We conclude March’s theme by wondering if the engineering ideal of suspension that thinks for itself is any closer to reality now than it was thirty years ago.
Pity the unfortunate suspension engineer, saddled with the seemingly impossible task of reconciling the hugely complex operating range of the motor vehicle against the twin imperatives of providing a comfortable ride for passengers, while allowing sufficient body control to allow for accurate and consistent handling. Under such constraints, the successful melding of conflicting forces acting vertically in ride and horizontally in cornering and steering, can only result in unhappy compromise.
Physics will always win, no matter how clever our putative chassis guru might be. And some of them have been very clever indeed, although superiority in this sphere can often be as much a function of an intuitive proving engineer as any groundbreaking idealist. Take for instance, the ability to successfully marry tyre and suspension characteristics, often being a process tantamount to alchemy. According to Leonard Setright, who seemed to know about these things, what was good for handling was also good for ride, although in this respect I’ve never fully understood what he was on about.
But some things will always hold true – for instance a tired driver is a less alert one. Because despite what Alec Issigonis might have asserted, driver comfort was, is and remains a safety issue. Given there’s been better solutions to the conventional steel spring/damper suspension available for well over half a century, we really ought to have left it all behind years ago. But complications of cost and cowardice have allowed the motor giants to successfully soften up the motoring public to low expectations, a position now gleefully accepted without question. Harsh = sporty = good. QED.
With Citroen and BMC blazing a more virtuous trail decades ago, it’s clear that some form of computer controlled, hydraulically actuated suspension system was and remains, if not the holy grail, a decent stab towards it. Lotus began working on active suspension technology around 1980 during the ‘ground effects‘ era of grand prix racing, when the levels of downforce being generated were effectively doubling the car’s static weight at racing speeds and the required suspension stiffness rendered the cars virtually undrivable.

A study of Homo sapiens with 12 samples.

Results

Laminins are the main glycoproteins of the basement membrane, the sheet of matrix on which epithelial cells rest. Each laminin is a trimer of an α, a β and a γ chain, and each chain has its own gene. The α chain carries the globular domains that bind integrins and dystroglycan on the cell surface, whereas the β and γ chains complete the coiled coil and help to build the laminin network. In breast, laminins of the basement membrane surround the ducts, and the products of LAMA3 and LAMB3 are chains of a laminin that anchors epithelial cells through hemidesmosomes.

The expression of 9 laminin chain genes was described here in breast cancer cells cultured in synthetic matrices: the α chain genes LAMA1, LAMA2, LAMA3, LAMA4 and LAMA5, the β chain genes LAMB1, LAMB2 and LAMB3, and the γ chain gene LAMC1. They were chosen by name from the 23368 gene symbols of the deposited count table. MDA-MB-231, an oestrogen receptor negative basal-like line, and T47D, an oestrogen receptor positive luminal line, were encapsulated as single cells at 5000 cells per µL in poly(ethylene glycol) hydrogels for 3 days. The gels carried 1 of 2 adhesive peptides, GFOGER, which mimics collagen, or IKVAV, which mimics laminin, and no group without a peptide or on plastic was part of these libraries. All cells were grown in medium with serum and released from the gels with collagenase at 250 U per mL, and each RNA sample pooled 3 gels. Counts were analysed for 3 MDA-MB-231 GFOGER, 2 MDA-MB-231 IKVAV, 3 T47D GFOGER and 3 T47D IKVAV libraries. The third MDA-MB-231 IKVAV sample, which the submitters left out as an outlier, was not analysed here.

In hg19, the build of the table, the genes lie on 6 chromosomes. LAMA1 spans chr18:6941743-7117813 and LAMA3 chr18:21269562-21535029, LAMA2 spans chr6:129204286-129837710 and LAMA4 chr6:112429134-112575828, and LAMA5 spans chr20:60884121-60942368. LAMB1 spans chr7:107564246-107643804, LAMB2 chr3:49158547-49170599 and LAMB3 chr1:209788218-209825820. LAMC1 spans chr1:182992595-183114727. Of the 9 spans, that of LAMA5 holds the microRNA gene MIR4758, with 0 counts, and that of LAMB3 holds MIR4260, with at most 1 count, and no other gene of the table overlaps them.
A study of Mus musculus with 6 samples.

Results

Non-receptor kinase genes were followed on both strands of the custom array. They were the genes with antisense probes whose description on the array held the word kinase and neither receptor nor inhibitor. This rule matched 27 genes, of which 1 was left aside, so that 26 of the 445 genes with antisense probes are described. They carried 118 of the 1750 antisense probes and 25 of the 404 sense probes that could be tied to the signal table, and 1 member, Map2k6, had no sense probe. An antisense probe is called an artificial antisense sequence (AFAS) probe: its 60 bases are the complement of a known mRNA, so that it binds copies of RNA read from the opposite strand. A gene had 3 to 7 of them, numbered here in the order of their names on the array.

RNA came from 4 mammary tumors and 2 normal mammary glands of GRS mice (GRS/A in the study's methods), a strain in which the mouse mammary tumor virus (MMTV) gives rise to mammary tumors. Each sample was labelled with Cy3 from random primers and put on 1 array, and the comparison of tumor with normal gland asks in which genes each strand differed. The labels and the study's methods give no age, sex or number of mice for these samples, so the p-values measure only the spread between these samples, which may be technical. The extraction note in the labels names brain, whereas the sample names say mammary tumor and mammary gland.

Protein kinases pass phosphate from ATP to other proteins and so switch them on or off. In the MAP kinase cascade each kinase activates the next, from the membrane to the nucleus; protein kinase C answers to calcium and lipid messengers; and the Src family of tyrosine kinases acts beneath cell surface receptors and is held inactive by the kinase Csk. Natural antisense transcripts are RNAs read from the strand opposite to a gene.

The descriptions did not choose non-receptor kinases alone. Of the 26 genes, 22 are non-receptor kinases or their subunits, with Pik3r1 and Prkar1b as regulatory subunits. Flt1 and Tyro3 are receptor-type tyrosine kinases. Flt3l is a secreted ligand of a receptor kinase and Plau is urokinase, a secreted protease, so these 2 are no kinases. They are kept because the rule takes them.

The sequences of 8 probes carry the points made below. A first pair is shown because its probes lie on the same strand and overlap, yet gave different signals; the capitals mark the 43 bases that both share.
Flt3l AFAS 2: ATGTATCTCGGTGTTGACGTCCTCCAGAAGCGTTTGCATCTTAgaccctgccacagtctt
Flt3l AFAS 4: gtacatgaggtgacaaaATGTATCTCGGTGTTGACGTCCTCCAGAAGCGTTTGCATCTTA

This led to work on ‘synthetic springs’, hydraulic arms powered by a pressure pump and actuated by computer controlled valves. There were no springs, more a series of links worked by what Lotus engineers described as muscles controlled by an electronic brain, responding to sensors and a series of control parameters. Basically, active ride allowed Lotus to decouple force from displacement and the results as reported by Car‘s Steve Cropley in October 1986 were, even allowing for his notable propensity towards hyperbole, pretty impressive.
Cropley observed that the test Lotus Excel; “…refuses to roll or dive, or lurch or pitch, whatever you do. The car felt, most eerily, to be in touch with the road… All you could conclude was that this was a car that didn’t have to obey the rules that other cars live by”. Car made it their cover story, proclaiming the Lotus’ active prototype as; “the greatest single advance in car engineering since the war.”
Having reached a stage in its development where car companies such as GM, Volvo and others were successfully running prototypes, why it failed to make the final hurdle to series production remains one of those automotive mysteries yet to be satisfactorily explained. Cost, complication, politics? Certainly, the results being reported in 1986 suggested its introduction was imminent.
In its absence, perhaps the nearest and best approximation is the excellent Tenneco kinetic system used by McLaren in their current road cars. Mercedes-Benz too, having experimented with air and a form of oleopneumatics themselves over the years currently expound upon what is cringingly referred to as ‘Magic Ride‘, which despite being undoubtedly clever, sounds like a decal you’d find residing beneath a side rubbing strip on a mid-80’s Mitsubishi Tredia.
Employing lasers to read the road ahead and telegraphing this data directly to the suspension’s electronic brain has certainly yielded notable gains in passenger comfort, but behind the microprocessors remains hardware that would not be unfamiliar to a 1950’s mechanic. But even active ride on the cheap is better than nothing at all and at least Daimler are making the effort, which is more than can be said for most.
But looking further ahead, what form of suspension design will the autonomous car of the future take? By decoupling the driver from the equation, surely such terms as ‘ultimate handling, steering feel and incisive turn in’ won’t butter too many parsnips. But I suspect ride comfort will. After all, while technology can envisage a world without rough edges, reality tends to rather annoyingly intrude. Because in our roseate binary future, road surfaces will continue to crumble beneath our wheels. Not everything’s going to get better.